Mercedes-Benz is the latest in a long line of companies apologizing to China | Business News | SupChina

Mercedes-Benz is the latest in a long line of companies apologizing to China


Mercedes-Benz thought the quote was perfect for a #MondayMotivation post on Instagram (see a screencap of the post here). The People’s Daily, however, quickly decided that no matter how benign the substance of the quote, the source — the Dalai Lama — was too much to handle. An opinion piece in the paper denounced (in Chinese) Mercedes-Benz as an “enemy of the Chinese people” and demanded a retraction and an apology.

  • The carmaker promised to “immediately take practical actions to deepen our understanding of Chinese culture and values,” and apologized for its “extremely erroneous message” on Weibo (in Chinese). See Shanghaiist for a full translation of the apology and some social media commentary.
  • Several other companies have, in the first month of 2018, already faced criticism from China for online postings and website content.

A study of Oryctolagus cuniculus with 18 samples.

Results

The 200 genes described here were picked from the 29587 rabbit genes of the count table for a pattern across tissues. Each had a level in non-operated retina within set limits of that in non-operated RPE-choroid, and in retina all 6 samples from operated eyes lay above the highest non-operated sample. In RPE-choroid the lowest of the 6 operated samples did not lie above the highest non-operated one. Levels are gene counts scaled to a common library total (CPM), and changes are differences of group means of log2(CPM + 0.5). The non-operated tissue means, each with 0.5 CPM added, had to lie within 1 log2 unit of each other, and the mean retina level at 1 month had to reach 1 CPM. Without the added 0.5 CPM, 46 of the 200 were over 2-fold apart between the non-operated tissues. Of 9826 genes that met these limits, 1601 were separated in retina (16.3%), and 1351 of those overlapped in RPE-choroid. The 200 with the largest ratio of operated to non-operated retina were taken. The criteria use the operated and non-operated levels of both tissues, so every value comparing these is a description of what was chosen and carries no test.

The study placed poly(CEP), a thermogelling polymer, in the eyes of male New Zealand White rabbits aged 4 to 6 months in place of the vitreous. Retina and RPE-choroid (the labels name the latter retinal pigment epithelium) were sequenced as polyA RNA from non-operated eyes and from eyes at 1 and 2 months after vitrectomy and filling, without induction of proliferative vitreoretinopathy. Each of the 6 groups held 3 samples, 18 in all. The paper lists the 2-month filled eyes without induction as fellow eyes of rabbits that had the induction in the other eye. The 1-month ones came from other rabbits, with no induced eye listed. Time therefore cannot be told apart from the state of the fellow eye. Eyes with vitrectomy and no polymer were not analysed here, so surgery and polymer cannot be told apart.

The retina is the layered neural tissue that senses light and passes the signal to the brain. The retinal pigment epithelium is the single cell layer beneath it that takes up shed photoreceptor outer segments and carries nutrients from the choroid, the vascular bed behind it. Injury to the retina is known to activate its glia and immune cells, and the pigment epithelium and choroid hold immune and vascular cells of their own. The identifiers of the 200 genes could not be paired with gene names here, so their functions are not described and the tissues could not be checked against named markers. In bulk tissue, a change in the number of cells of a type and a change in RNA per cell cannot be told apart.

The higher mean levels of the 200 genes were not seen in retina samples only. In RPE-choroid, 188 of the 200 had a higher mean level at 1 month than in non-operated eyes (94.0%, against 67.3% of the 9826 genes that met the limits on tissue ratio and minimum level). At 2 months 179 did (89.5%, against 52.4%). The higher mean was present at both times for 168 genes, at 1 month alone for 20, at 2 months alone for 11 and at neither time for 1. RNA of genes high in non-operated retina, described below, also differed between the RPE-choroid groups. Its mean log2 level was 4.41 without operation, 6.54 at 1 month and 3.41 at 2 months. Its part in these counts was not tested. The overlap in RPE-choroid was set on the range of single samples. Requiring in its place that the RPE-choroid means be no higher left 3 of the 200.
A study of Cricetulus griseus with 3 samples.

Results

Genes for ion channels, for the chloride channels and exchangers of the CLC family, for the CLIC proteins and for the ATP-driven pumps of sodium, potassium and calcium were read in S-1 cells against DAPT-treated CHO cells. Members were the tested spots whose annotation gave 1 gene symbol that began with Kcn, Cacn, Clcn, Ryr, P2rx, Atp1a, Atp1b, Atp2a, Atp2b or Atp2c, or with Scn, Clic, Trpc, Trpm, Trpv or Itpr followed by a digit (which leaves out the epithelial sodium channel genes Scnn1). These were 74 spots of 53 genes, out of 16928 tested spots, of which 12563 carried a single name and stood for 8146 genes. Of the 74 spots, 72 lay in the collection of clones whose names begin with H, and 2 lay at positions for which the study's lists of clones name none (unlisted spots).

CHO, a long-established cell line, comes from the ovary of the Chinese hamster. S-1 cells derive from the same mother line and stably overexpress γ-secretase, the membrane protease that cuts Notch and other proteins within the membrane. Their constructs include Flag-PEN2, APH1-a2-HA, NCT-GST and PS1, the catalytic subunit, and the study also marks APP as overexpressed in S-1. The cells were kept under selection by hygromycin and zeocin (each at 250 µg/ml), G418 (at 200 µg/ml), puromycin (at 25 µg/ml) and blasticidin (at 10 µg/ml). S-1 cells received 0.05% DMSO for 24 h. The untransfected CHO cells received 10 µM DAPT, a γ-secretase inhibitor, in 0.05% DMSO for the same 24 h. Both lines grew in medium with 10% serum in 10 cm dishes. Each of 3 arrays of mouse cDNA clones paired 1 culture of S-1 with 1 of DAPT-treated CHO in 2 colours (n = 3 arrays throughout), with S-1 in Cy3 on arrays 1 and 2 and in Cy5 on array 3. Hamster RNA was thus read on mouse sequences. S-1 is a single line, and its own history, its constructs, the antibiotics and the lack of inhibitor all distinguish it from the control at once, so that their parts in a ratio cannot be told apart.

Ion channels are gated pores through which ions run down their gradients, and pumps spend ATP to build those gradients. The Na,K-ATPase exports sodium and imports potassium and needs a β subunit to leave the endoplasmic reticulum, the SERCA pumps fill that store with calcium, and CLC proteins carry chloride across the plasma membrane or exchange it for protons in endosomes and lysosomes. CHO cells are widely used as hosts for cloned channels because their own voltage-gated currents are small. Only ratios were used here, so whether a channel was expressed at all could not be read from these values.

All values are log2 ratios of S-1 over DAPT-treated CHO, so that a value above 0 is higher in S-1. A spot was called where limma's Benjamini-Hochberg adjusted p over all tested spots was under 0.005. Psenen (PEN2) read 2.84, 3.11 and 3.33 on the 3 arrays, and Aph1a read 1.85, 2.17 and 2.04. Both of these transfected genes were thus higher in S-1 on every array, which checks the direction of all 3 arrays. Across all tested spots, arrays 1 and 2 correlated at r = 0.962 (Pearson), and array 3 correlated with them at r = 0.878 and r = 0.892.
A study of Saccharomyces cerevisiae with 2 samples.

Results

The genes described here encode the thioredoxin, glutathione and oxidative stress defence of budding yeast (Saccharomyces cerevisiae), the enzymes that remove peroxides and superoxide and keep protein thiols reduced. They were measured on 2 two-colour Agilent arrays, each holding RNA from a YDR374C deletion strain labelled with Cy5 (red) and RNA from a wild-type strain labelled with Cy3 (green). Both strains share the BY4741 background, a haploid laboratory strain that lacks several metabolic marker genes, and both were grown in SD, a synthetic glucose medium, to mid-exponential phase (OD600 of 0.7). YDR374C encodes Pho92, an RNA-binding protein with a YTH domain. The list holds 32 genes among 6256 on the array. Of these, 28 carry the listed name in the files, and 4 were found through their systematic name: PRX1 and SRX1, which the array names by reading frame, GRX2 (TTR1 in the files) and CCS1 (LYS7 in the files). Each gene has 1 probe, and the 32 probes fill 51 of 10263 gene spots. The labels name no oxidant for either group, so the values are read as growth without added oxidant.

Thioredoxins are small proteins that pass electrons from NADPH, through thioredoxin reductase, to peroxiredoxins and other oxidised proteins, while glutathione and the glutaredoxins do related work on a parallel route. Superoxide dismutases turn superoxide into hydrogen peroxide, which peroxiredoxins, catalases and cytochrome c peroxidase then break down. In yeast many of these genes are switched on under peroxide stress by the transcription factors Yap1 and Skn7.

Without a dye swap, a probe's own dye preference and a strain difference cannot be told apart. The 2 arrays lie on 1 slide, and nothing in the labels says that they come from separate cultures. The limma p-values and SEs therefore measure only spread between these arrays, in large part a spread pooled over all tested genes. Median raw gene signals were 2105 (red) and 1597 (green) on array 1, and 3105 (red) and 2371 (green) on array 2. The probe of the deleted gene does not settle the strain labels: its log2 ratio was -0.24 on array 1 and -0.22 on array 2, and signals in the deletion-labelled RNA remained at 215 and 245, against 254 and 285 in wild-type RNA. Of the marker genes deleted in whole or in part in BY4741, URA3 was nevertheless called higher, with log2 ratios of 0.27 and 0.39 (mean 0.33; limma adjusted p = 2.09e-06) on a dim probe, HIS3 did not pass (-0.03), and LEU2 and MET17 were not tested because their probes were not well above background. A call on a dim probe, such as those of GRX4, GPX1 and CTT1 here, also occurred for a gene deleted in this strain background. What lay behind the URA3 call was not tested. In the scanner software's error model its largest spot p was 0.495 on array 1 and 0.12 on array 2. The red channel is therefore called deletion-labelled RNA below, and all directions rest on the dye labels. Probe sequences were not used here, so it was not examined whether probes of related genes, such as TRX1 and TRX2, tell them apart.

• On the one hand, these kinds of retractions are nothing new: “In 1998, Apple removed images of the Dalai Lama from an advertising campaign in Asia for fear of offending China,” notes journalist Isaac Stone Fish in a Twitter thread.
  • But something is different now: “China in the new era is more confident and open,” said a Chinese foreign ministry spokesperson while answering a question about the Mercedes apology earlier today.
  • “Same scenario twenty years ago and China is nothing but praise for the three-pointed star. Needed Mercedes to invest. Mercedes formed JV with Beijing. Today China is MB’s number one market. Leverage.” That’s the view of Michael Dunne, a longtime observer of the Chinese auto industry.

Lucas Niewenhuis

Lucas Niewenhuis is an associate editor at SupChina who helps curate daily news and produce the company's newsletter, app, and website content. Previously, Lucas researched China-Africa relations at the Social Science Research Council and interned at the Council on Foreign Relations in New York. He has studied Chinese language and culture in Shanghai and Beijing, and is a graduate of the University of Michigan.